US Military Vacates Bagram Air Base and Returns It to Afghan Government After 20 Years

The US military vacated Bagram air force base after 20 years of war as the Biden administration continues to withdraw troops from Afghanistan, The Washington Post reports.

Bagram airbase, which is just north of Kabul, has been one of the most significant airfields since the war began following the 9/11 attacks. The military used it at its headquarters for US Special Operations and to launch airstrikes against the Taliban and militants.

More recently, the military has used the airfield for hundreds of flights to remove troops and equipment from the region and to destroy equipment to prevent it from being seized by Taliban forces.

Military spokesman Army Col. Sonny Leggett said that the transfer of the base to the Afghan government “was an extensive process spanning several weeks.”

“All handovers of Resolute Support bases and facilities, to include Bagram Airfield, have been closely coordinated, both with senior leaders from the government and with our Afghan partners in the security forces, including leadership of the locally based units respective to each base,” he said.

Afghan official says military bungled withdrawal:

Darwish Raufi, the governor of the district where Bagram is located, said the military excluded him from the process and left “without coordinating with security and defense forces and in general without coordinating" with the federal and district governments.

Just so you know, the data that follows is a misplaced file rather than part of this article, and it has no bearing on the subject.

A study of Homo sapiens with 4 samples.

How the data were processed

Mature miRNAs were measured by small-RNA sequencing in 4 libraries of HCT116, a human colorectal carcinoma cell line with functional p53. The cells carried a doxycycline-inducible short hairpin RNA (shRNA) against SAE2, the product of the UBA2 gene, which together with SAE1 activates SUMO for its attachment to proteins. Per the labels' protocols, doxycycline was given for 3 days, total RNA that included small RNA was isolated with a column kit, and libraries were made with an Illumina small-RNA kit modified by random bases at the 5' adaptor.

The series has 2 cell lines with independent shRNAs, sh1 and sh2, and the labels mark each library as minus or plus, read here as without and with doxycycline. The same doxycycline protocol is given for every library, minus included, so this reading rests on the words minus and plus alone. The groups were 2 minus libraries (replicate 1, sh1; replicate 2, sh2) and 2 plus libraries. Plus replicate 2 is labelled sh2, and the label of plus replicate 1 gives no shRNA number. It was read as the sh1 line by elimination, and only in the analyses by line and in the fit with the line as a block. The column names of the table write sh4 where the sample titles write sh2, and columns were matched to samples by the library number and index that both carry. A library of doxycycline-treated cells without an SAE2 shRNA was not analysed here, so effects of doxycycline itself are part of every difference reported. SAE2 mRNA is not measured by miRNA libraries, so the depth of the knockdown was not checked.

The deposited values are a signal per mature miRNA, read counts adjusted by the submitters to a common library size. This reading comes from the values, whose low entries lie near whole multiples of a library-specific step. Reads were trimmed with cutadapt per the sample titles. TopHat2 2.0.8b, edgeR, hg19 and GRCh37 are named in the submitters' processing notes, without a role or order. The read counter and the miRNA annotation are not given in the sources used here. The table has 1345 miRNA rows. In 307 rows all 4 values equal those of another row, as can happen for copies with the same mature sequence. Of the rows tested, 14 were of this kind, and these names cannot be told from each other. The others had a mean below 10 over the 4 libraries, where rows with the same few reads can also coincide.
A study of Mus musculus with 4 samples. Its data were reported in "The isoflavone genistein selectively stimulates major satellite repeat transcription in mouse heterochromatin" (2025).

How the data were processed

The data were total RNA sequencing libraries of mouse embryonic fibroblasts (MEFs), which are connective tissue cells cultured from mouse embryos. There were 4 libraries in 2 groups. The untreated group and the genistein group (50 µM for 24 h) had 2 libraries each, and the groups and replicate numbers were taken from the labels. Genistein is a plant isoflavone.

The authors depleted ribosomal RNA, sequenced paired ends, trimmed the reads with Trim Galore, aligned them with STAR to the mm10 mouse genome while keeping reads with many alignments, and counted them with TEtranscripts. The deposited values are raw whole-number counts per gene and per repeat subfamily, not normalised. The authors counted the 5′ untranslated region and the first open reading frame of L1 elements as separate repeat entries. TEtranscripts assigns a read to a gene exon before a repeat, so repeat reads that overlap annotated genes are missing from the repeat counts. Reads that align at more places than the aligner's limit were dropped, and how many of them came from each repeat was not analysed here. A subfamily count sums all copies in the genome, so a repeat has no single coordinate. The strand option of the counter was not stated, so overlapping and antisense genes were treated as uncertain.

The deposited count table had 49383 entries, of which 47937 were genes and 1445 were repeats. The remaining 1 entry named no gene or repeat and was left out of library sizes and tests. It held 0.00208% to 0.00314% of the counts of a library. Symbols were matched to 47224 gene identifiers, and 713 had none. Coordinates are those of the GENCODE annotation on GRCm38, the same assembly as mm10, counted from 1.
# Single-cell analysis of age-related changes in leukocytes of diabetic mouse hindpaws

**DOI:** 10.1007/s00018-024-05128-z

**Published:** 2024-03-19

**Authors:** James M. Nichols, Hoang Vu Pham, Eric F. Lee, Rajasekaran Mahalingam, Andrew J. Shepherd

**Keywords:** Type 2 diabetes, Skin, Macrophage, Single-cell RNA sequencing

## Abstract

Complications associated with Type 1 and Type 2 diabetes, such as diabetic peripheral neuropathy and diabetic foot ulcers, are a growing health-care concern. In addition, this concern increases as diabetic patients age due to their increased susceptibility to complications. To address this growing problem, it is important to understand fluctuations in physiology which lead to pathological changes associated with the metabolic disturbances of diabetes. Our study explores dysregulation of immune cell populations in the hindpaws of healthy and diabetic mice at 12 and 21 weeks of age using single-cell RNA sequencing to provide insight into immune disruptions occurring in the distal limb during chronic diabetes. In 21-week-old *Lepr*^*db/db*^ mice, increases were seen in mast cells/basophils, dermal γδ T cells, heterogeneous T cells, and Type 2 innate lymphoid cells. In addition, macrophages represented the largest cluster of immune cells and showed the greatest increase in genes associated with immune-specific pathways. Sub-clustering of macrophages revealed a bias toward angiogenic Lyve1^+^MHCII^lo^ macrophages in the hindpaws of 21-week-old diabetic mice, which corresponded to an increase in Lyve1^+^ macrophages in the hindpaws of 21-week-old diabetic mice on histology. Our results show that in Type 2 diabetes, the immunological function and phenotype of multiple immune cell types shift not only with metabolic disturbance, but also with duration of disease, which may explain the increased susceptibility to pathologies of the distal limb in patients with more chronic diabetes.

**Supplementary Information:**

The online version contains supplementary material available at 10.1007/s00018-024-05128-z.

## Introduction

“Some looters went in, some of them were arrested and some others escaped,” he said. “They were in for equipment that they could carry. They have stolen some carriable equipment.”

An Afghan defense ministry spokesman vowed that defense forces “will protect the base and use it to combat terrorism.”

US shrinking presence:

Military leaders met with the Afghan government on Friday to discuss how the two countries will cooperate after the withdrawal.

The military still plans a “smaller American security mission” in the country.

Former Pentagon official Mark Mulroy warned that the rapid withdrawal “may be a testament to the logistical capabilities of our force, but it also is not allowing for a buffer to see if the Afghan security forces will hold against the Taliban without our direct support.”